On June 29, Congress sidestepped a doubling of interest rates for new federal student loans. Under the bipartisan compromise, interest rates on new Stafford loans, which are subsidized by the federal government, will be 3.4 percent, which is where they were. The rates were set to double in July. This extension should be positive news for the industries that service colleges and universities, including those that manage student housing options, such as student housing REITs.
College students generally have three options when it comes to were they will live. They can stay at home, stay in dormitories and other on-campus housing options, or they can stay in housing options that are near their college campus. Staying at home is generally the cheapest option, and the one that was most likely to grow as a choice of new students if their borrowing costs were to substantial increase. Since student borrowing rates are remaining at their current rate, students will probably be more likely than otherwise to prefer on-campus and off-campus options other than staying with their parents. It also means that students may more easily finance rent increases by their landlords.
There are not many options when it comes to investing in student housing, but a select few apartment REITs have focused their businesses around building portfolios of apartments near college campuses, and serving the housing needs of their students. There are three publicly traded REITs that presently primarily own and operate such properties within the student housing category.
The largest such student housing REIT is American Campus Communities (NYSE:ACC), with a market cap of around $3.36 billion and a yield of three percent. ACC has appreciated 7.2 percent since the start of 2012 and 29.96 percent in the last 12 months. Though ACC's equity has appreciated over the last several years, the company has maintained its current dividend rate since the start of 2005. See a recent performance chart of ACC:
Education Realty Trust (NYSE:EDR) is another student housing REIT. EDR has a market valuation of about one billion dollars and a present yield of about 2.55 percent. EDR's quarterly dividend has gone from a high of 30 cents in early 2005, to a low of five cents at the end of 2009. In mid 2011, EDR increased its dividend by 40 percent, to its current rate of seven cents per quarter. Since the start 2012, EDR shares have appreciated by 8.3 percent, and they have gained 29.29 percent over the last 12 months. See a recent performance chart of EDR:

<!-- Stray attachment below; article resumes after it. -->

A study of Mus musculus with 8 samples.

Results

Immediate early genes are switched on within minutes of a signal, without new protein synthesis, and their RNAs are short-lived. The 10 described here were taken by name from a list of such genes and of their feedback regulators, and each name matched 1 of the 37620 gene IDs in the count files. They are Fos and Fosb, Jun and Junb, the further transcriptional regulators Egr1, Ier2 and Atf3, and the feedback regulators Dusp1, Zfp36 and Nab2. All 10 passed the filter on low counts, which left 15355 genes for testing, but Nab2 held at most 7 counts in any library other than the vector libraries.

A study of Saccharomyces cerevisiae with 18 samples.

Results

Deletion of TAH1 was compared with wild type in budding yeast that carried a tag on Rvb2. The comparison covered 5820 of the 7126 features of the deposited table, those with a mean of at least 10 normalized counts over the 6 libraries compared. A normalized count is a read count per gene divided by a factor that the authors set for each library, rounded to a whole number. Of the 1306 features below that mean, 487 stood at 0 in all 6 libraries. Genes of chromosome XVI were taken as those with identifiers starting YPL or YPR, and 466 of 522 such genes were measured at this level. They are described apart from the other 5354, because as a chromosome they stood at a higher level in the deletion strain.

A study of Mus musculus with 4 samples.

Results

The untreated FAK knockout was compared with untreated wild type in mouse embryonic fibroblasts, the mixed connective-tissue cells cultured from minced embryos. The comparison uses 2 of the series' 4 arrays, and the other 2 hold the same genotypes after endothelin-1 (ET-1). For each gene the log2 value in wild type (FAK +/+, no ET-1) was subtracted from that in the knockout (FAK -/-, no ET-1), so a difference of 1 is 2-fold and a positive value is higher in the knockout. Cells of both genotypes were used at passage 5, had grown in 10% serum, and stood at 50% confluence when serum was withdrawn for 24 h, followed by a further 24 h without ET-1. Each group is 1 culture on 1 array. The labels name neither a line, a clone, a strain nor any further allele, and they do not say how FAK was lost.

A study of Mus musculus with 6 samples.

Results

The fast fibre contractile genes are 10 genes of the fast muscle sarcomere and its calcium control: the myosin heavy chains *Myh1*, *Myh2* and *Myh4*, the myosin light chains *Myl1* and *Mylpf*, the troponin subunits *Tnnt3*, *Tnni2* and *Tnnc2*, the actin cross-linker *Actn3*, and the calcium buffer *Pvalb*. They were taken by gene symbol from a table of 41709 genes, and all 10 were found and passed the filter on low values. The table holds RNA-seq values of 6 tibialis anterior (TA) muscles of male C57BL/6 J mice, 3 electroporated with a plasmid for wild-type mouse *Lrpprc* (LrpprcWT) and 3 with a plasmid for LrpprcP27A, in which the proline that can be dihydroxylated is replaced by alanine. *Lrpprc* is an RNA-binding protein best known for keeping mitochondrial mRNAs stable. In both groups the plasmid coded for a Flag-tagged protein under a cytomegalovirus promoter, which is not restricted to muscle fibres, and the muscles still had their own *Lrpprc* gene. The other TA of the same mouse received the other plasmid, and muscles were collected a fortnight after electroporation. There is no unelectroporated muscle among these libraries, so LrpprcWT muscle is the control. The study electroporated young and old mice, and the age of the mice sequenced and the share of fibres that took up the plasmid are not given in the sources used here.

Campus Crest Communities (NYSE:CCG) is a third student housing REIT. CCG, which markets its properties under the Grove name, has a market valuation of $322 million and a yield of 6.2 percent. CCG has only been publicly traded since late 2010, and started off paying a quarterly dividend of 13 cents. The company has subsequently increased its quarterly dividend to sixteen cents. CCG has appreciated 3.3 percent since the start of 2012, but has declined by 19.7 percent over the last 12 months. See a recent performance chart of CCG:
These student housing REITs may all begin to perform better, now that some uncertainty has left their near-term future. Most student housing options are chosen over the summer, with leases signed in August and September. As such, this extension appears to have arrived at a good time for the industry.
Disclosure: I have no positions in any stocks mentioned, and no plans to initiate any positions within the next 72 hours.